By Paul Myers
It is common knowledge among golfers that golf draws go further than golf fades do. Well, it is assumed to be common knowledge – but is it actually true? It seems like many long hitters and TOUR players play a draw, but that is not a hard and fast rule. In fact, Bubba Watson, one of the longest of the long hitters on the PGA Tour, is well-known for his lefty golf fade that seems to fly forever. Obviously, as he has proved with his high club head speed, it is certainly possible to bomb it off the tee while hitting a golf fade. Jason Zuback, 4-time RE/MAX World Long Drive Champion, has also been know to fade the ball as well.
Draws Usually Go Further – But Not Necessarily in the Air
By the nature of hitting a golf draw, you are taking the club into the back of the ball from an inside position. You are hitting slightly from the inside out, to deliver power to the ball and possibly generate more distance. However, it isn’t necessarily that simple.
Assuming the same launch angle and other conditions, if you tilt the spin axis the same amount either one way, the distance for a fade or draw will end up being the same.
However, in most cases, draws and fades using the same club do not launch at the same angle. A shot hit with draw spin will usually launch lower and not have as much backspin as a fade , therefore it might not stay in the air as long. You might end up with more distance out of your draw, but some of that distance will be accounted for in the bounce and roll of the ball. If you are looking for pure carry distance, a golf fade might have more to offer.
That being said, if you work with a club fitter and you alter your impact conditions slightly (for example, getting the right loft on your club to adjust your spin down and then tweak your angle of attack and swing direction), it’s possible to maximize carry distance with a fade, straight shot, or draw.
You Can Talk to a Golf Fade, but a Hook Won’t Listen
When you play a draw, there is the risk of it turning into a hook – and a hook is one shot you may not recover from. A low hooked tee shot will sometimes keep turning, and bouncing, until it finds some kind of trouble. Because of this, many draw players are always living in fear of hitting a hook – and making the double bogey or worse that can come with it.
On the other side of the coin, most fades don’t turn into slices that are quite as disastrous. Since the golf fade will usually have a little more backspin and launch higher, the ball will land more steeply won’t run away as far or as fast once on the ground. Simply put, unless you have a really low-lofted driver and you intentionally bring your spin and launch way down to optimize distance for fades, you typically have less distance but more margin for error off the tee when you play a golf fade as opposed to a draw.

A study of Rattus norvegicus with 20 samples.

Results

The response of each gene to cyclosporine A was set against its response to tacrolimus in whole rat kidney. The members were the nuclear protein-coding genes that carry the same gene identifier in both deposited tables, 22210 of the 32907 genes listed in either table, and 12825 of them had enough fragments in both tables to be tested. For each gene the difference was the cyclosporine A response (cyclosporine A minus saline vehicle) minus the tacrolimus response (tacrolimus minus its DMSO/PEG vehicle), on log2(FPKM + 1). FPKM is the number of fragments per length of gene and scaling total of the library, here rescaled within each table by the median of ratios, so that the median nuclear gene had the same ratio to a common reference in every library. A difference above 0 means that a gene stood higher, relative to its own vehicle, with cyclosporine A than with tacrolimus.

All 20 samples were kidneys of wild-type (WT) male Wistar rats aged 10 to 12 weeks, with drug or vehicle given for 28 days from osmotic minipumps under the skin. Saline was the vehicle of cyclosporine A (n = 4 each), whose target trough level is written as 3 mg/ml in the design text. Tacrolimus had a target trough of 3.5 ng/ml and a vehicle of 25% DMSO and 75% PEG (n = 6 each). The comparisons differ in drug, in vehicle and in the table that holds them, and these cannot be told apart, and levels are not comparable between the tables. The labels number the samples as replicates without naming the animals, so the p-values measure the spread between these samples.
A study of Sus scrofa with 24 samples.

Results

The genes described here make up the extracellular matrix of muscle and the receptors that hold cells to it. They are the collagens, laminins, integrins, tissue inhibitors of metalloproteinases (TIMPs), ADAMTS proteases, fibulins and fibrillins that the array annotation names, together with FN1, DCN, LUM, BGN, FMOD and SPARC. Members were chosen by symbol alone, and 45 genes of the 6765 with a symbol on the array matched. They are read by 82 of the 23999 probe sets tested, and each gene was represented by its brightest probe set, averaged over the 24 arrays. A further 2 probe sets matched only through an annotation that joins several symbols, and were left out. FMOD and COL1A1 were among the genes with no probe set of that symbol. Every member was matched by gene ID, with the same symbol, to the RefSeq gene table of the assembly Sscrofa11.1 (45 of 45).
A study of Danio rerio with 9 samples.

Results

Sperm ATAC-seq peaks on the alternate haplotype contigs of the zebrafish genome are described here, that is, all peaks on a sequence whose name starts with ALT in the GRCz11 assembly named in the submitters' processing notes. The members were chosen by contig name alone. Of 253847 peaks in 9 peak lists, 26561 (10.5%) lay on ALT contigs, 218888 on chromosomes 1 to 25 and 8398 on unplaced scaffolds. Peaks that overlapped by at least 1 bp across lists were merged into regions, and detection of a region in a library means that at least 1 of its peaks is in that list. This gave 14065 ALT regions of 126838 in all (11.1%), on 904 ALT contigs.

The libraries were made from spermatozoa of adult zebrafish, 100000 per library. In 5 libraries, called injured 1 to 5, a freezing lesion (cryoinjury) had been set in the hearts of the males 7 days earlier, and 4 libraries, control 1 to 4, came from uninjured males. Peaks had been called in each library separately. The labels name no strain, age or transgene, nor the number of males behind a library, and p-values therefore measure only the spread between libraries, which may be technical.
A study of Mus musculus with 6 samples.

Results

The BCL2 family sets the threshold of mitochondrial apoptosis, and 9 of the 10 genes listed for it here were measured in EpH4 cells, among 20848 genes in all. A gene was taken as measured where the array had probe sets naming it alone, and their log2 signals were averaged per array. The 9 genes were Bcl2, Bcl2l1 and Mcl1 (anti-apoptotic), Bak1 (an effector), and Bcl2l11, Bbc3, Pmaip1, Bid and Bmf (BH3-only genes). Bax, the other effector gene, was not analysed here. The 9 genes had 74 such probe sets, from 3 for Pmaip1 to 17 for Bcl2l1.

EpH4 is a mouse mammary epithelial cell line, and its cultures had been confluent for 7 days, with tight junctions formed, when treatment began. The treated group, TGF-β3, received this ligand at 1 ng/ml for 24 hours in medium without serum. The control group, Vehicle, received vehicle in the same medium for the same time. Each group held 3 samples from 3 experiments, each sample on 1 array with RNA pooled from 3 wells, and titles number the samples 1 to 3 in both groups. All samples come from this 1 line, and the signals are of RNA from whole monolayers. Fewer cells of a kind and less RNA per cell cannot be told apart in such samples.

Do What Comes Natural
While it is a valuable skill to work on controlling different ball flights off the tee, for scoring, you might go back to what you know and what you trust when the pressure is on. If you are naturally a golfer that hits a slight draw, trust that shot and use it the majority of the time. It can be useful to have a golf fade available for certain situations, but it’s usually best to return to your trusty draw when you need to hit a good one. There is just no substitute for what feels natural.
To answer the title question, yes, you can maximize distance while hitting a golf fade. There are plenty of powerful players on the PGA Tour who make the golf fade their shot of choice, because they can control it and still get plenty of distance at the same time through proper club fitting and optimization of their launch conditions. If you are naturally a golfer who hits a golf fade, it may be best not to fight it – work with a club fitter to get a head that gets your spin and launch right to maximize golf fade distance, and hit the best golf fade you can.